Important aspects to consider before your interview
- It doesn’t matter what you have done, how much experience you have and how suitable you are for the role if you don’t present your evidence using the correct format. It’s very easy to get this wrong
- You need to choose examples which are outstanding
- The technique needed to answer PQA/ competency questions is very specific. Much of the historical advice on how to respond to this style of questioning is misleading
- You’ll need to plan in advance to make sure you can match the pre-determined criteria with your prepared answers
- You will not know exactly what you will be asked until you are sat in front of the panel, and you need to learn the trick to thinking on your feet and adapting your evidence to the question you are asked, and not always the one you have prepared for
If you don’t answer the question using the correct formula you won’t score well.
The interview should have a very clear scoring mechanism. As the candidate, you won’t know the details of this, but it will basically include a list of the criteria being assessed and then ratings for how well you match e.g. a 4 for ‘strong evidence’ down to a 1 for ‘insufficient or negative evidence’. This scoring key may vary depending on your FRS but the methodology will be similar.
If you answer the questions in the right way (irrespective of the content of your example, we’re just looking at the format of your delivery) then it will make it much easier for the assessors to evaluate how well your evidence matches the criteria they are comparing you to.
These types of questions and this type of scoring system makes an interview more scientific because it is based on evidence more than opinion. It is therefore more objective, fair and defensible.
Getting the most from your scores
- The better the match between the question and your answer, the more likely it is that your interviewers can measure you against their criteria. Then they only have to decide how strongly you match. If your answer doesn’t match the question, it won’t matter how strong your answer is, it won’t be relevant to the criteria so it will get a weak score.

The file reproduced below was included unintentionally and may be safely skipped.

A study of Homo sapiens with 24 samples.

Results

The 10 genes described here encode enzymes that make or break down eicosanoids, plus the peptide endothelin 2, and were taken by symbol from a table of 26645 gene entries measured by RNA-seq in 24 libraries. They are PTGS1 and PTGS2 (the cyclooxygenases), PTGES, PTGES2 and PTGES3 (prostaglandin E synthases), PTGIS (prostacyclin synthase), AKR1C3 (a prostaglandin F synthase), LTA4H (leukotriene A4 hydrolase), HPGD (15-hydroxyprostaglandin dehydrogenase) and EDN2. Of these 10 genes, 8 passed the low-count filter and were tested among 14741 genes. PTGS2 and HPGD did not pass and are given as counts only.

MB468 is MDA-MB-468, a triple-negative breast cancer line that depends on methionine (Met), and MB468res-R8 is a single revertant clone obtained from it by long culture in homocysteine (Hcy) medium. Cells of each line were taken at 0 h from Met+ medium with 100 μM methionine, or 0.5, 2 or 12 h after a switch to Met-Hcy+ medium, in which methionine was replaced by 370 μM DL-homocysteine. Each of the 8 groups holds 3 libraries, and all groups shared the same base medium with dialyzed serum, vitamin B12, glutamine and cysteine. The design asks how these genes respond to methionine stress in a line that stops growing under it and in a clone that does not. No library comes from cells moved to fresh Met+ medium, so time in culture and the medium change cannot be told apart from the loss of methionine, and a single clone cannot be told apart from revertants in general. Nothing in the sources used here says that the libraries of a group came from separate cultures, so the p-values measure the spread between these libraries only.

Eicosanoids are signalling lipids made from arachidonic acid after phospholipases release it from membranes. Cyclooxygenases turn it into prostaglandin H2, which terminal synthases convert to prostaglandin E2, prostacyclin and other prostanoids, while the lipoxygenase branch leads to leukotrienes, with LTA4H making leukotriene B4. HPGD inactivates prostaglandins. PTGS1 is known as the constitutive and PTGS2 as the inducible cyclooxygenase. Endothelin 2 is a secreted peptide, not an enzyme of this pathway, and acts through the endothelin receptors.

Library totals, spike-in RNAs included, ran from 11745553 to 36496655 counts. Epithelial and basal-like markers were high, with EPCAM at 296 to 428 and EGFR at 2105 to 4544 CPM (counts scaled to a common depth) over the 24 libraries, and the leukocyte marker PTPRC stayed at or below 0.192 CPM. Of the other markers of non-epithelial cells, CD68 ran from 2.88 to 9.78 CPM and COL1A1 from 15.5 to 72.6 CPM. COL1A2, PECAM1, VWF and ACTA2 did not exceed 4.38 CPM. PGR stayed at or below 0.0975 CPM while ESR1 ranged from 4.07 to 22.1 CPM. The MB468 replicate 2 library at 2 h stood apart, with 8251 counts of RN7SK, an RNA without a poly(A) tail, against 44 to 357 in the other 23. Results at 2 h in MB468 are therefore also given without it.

- Stay focused to make sure that what you are saying remains relevant. If you go off on a tangent, you will drift away from giving evidence in relation to their criteria.
- If you haven’t prepared, you could find it very difficult to come up with decent examples on the spot. This will damage your potential to score highly, so being prepared with a selection of examples at the front of your mind is the only reliable strategy.
You have to be exceptional to get through interview. If you don’t prepare you will almost certainly lose out to someone who did.
We’ve worked with a lot of firefighters who sign up to our services still half thinking they are on the right track; it is only once they see the information we provide that they realise how close they came giving a poor interview.
We are experts in what to expect and how to prepare and we can help you with your interview. Our interview workbook and e-learning modules will give you exercises to practice and example answers. We can also provide personalised feedback on your work so you know exactly what you need to do to prepare.
The interview is where you get to showcase your potential. Too many candidates waste this opportunity by not taking some very straightforward steps
Competency/ PQA interviews will be used throughout your FRS career, and beyond. This means that once you have applied our guidance to improve your interview skills you can benefit again and again.